Dare HHS proposes $423K to fight opioid crisis

Dare HHS proposes $423K to fight opioid crisis


That includes her son, who she lost in October of last year. “He was 33 and had struggled for many years with substances. He was clean, [then] relapsed,” she said. “So this is personal. How can it not be?”

It was fentanyl that took Ballinger’s son’s life, and it is fentanyl that has cost more than 60 lives in Dare County since 2014 when fentanyl deaths were first recorded in the county. The drug is an opioid that the FDA describes as “approximately 100 times more potent than morphine and 50 times more potent than heroin.”

And it is the fight against fentanyl that is a key focus of the opioid settlement money that Dare County will spend in the new fiscal year.

For years, opioids were marketed with little concern about the effects of their use. But in July 2021, a group of opioid distributors and Johnson & Johnson, a manufacturer of opioids, entered into a $26 billion nationwide agreement to settle claims against them. As part of the settlement, all 100 North Carolina counties as well as 17 municipalities will receive funds for the next 18 years.

At the Dare County Commissioner’s meeting on Monday, June 5, Ballinger presented a recommended $423,000 budget in the new fiscal year to address opioid and fentanyl addiction in the county. The funds for the proposal represent Dare County’s 2024 appropriation from the North Carolina portion of the nationwide settlement.

As Ballinger explained to the commissioners, Dare County will receive a little more than $3.4 million over the next 18 years from the settlement, funding that is based on a Memo of Understanding (MOA) between Attorney General Josh Stein’s office and the counties.

In a Voice interview, Ballinger noted that the funding is not evenly parceled out over the 18 years, stating that “Initially, some of the funds are being front loaded the first couple of years.”

The proposed FY 2023-2024 budget of $423,000 is somewhat higher than $402,000 budgeted for the current fiscal year. Of that proposed spending, $50,000 is earmarked for care at the Dare County Detention Center; $60,000 for community initiatives that will take the form of mini-grants; $63,000 for a peer support specialists; $100,000 for a Recovery Court coordinator; and the largest chunk, $150,000, for naloxone and fentanyl test kits for community distribution. Naloxone is a drug that rapidly reverses the effects of an opioid overdose.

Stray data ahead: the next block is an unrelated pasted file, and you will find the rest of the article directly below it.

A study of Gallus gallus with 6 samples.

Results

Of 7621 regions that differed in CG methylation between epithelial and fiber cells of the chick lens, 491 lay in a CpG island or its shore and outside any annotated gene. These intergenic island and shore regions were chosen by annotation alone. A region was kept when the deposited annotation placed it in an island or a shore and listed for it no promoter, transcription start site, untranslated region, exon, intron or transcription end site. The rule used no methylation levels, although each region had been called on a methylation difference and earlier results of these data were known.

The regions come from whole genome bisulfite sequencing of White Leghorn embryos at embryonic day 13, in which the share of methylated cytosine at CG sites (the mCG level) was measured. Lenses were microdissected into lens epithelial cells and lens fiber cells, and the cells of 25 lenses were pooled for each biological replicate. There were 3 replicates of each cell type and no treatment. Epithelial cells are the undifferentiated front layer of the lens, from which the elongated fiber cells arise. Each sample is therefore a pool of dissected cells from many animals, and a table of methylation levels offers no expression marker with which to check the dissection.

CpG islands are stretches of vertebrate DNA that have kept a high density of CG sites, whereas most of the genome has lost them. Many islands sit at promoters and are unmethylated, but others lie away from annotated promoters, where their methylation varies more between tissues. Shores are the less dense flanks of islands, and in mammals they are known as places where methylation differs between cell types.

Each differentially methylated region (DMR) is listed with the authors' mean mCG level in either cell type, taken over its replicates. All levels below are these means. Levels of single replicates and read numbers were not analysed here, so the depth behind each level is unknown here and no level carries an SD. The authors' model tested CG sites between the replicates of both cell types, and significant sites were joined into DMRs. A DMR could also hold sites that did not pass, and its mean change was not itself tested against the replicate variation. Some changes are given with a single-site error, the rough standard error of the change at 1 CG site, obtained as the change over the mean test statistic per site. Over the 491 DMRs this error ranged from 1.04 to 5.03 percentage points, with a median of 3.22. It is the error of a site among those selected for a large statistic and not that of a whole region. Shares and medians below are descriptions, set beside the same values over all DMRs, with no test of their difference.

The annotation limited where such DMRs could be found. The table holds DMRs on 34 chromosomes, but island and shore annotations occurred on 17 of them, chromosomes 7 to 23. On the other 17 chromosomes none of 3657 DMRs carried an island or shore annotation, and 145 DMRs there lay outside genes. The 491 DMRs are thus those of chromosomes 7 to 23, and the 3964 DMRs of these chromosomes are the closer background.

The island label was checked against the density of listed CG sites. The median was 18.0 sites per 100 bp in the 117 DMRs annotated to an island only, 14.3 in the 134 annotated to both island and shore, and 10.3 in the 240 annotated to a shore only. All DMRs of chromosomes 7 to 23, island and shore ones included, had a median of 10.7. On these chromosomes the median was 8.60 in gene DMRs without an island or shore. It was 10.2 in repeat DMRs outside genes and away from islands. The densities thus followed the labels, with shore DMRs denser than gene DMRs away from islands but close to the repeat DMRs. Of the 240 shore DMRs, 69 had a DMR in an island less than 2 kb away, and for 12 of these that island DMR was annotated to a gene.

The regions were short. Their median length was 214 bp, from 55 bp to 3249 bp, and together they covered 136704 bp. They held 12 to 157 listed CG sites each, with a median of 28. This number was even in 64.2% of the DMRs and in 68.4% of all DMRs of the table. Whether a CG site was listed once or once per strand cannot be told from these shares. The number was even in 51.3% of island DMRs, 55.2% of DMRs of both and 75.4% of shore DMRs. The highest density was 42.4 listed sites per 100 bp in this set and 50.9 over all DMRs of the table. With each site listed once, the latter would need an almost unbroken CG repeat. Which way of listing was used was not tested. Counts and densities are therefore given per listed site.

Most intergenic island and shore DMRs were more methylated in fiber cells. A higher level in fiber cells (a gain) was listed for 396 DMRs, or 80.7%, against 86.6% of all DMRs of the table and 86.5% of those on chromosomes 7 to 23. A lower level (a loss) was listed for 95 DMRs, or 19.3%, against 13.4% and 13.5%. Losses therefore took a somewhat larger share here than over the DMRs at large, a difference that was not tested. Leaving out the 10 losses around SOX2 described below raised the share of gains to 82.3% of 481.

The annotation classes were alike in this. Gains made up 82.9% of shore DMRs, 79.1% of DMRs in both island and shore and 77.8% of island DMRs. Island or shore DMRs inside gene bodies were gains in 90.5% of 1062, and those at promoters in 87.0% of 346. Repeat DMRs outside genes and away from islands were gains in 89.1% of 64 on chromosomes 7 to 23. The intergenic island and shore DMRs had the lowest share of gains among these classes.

Significantly, the allocation for naloxone and fentanyl kit distribution has increased dramatically—from $12,000 in the current fiscal year to $150,000 in the coming year.

“Fentanyl is what’s killing people. And that’s why fentanyl has a lot of attention,” Ballinger said.

The plan calls for a wider distribution of lifesaving kits that will be in restaurants and other places of business.

“Businesses and restaurants that want it, we’re trying to educate them. We’re going to get receptacles in places wherever they would like it placed in their business. In the receptacle is going to be a naloxone kit and fentanyl test kit. So people can get those things,” Ballinger said.

It’s part of the county’s “Fentanyl Kills” campaign. The campaign includes billboards and advertisements saying just that—”Fentanyl Kills.”

The campaign also incorporates information that could keep a fentanyl user alive, advice that includes suggestions such as do not use the drug when alone, and if a person is going to use, have naloxone available and a friend there who can administer it.

“When you have substance use disorder, it is hard,” Ballinger said. “They have that the need for the drug, but they’re no different than you and I. They don’t want to die.”

As the county works on its opioid settlement funding for the coming year, Ballinger pointed out to the Voice that there is some uncertainty about the funding.

“Some of these pharmaceutical companies are filing for bankruptcy,” Ballinger said. “At least one of them has, so that may affect the money. We don’t know until you get it because the whole thing has been kind of in flux. We get a general timeframe of when dollars are coming in, but you don’t know until the funds actually come in.”

There is also, she told the Dare County Commissioners, the possibility of additional settlement agreement funds. Although she did not specify where those funds would originate, in December of 2022, a number of nationwide pharmacies including CVS, Walgreen and Walmart agreed to an as yet undisclosed settlement.

And according to Attorney General Stein’s website, “These Wave Two Settlements have the potential to bring significantly greater resources across North Carolina to address the opioid epidemic.”